FREDERICK THE WISE: Seen and Unseen Lives of Martin Luther’s Protector.
FREDERICK THE WISE: Seen and Unseen Lives of Martin Luther’s Protector. By Sam Wellman. St. Louis: Concordia Publishing House, 2011. 321 pages. $25.99.
This book is the first, and so far only, biography of Frederick the Wise in English. It is a very dense book that refuses to be read speedily. I am not a historian in any legitimate sense. I am only familiar with the basic contours of Reformation History, and I had previously no knowledge of the structure of the Holy Roman Empire nor how it operated. Even after reading this book, I’m still not sure I understand it or how exactly Frederick the Wise fit into it, but I am a lot smarter now than I was before.
Aptly titled this book is not a book about Martin Luther disguised as a book about Frederick the Wise. It really is about Frederick the Wise. Excluding notes and bibliography, the book is 238 pages long and Martin Luther doesn’t appear in any meaningful way until page 157.
Wellman begins his historiography with the death of Frederick’s father, Ernst, which propelled Frederick into a position of authority. Ernst is best known for his inexplicable decision to divide Saxony in two with his brother Albert. Thus, there is Ernestine Saxony that Frederick inherits, and there is Albertine Saxony that Frederick’s cousin, George the Bearded, inherits. Ernst’s decision to divide Saxony before his death is generally viewed by historians as being a terrible decision. It was confounding even to Ernst’s contemporaries. With such poor judgment in dividing the land, had Ernst adequately prepared his son Frederick to rule at all? What Ernst lacked in political adeptness he more than made up for in the education and preparation he provided for Frederick.
When Ernst died, Frederick inherited half a kingdom. Unlike his uncle Albrecht “the Courageous” and Holy Roman Emperor Maximilian, Frederick was not eager for war. Frederick’s pacifism imbued with his resoluteness earned him significant respect with many other electors and political powers. Rather than expand his kingdom by war, Frederick tried to improve the half-kingdom he inherited into something respectable. To do that he need a castle-church worthy of burials for the powerful Wettin family to which he belonged and he also needed a university. Wittenberg was the place to establish these things. Frederick did accomplish these goals while simultaneously navigating the complicated position he had within the Holy Roman Empire.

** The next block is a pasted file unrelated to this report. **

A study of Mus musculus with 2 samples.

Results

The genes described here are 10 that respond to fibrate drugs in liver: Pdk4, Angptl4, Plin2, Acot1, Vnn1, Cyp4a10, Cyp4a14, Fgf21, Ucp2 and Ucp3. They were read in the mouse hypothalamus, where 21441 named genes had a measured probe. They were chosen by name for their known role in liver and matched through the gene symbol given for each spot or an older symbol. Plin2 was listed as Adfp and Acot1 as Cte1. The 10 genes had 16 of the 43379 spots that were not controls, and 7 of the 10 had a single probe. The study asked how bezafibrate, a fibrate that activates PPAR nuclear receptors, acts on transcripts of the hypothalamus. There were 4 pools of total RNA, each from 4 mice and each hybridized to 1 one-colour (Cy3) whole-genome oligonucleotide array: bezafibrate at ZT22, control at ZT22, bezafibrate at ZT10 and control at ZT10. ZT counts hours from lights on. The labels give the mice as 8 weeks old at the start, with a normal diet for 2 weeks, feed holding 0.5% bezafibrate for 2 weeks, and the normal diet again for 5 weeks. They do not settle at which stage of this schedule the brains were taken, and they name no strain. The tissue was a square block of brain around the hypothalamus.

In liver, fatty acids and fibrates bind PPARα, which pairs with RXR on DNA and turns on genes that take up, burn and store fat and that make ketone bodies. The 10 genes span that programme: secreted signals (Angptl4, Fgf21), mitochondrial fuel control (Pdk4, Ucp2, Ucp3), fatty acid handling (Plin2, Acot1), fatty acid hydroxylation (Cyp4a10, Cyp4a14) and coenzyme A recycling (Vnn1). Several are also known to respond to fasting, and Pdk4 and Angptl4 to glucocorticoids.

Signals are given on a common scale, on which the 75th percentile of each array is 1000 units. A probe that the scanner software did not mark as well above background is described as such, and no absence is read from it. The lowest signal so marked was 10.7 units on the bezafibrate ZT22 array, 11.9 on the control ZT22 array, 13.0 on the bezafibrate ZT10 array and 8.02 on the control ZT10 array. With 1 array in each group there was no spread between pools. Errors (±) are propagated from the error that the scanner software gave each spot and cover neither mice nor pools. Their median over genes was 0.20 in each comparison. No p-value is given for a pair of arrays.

Wellman writes well enough. There are a prodigious number of endnotes, accounting for sixty pages—or nearly one-fifth—of the book. There can be no denying that Wellman has done his homework and done it well. However, in my view, Wellman fails to really make Frederick come alive for the reader in the way that Roland Bainton succeeds with Luther in his biography Here I Stand. Perhaps Wellman’s academic integrity prevents him from putting flesh and bones on the skeleton of Frederick the Wise that his research gave him. One way that Wellman attempts to add color is by using speculative questions which, if answered affirmatively, would provide a reasonable motive for many of Frederick’s actions. These questions are found throughout the entire book and are so common they border on distracting. There are eleven such questions on pages 14 and 15 alone.
I read this book while traveling through Germany on a Luther tour. I think this alone kept me engaged enough to finish this book. The travels helped me make sense of all the locations that are referenced in this biography. My travels also helped me keep the names of prominent families straight—such as the Wittelsbachs of Bavaria.
I cannot overstate how much I learned in reading this book. However, I also cannot overstate how hard I had to work to digest it. I haven’t worked this hard to understand a book since my seminary days. Many of the struggles I had with wading through this volume were due to my own ignorance about the time period in which Frederick lived. The names of all the electors, archbishops, humanists, knights, and princes quickly blended together and muddied the waters. Without Wellman’s guide of “Contemporaries Relevant to Frederick the Wise” and the “Chronology” on pages ix–xxi, I would have never made heads or tails of this book.
I don’t regret reading this book, but I wouldn’t recommend this book to any casual reader, be they laypeople or pastors. I know pastors would benefit from reading this book, but they'd have to be willing to put in the effort to finish it. If you're thinking about reading this book, I warn you, without a strong interest in Reformation history fueling the tank, you'll never make it to the end.
Rev. Timothy A. Koch, Pastor of Concordia and Immanuel Lutheran Churches in Cresbard and Wecota, South Dakota.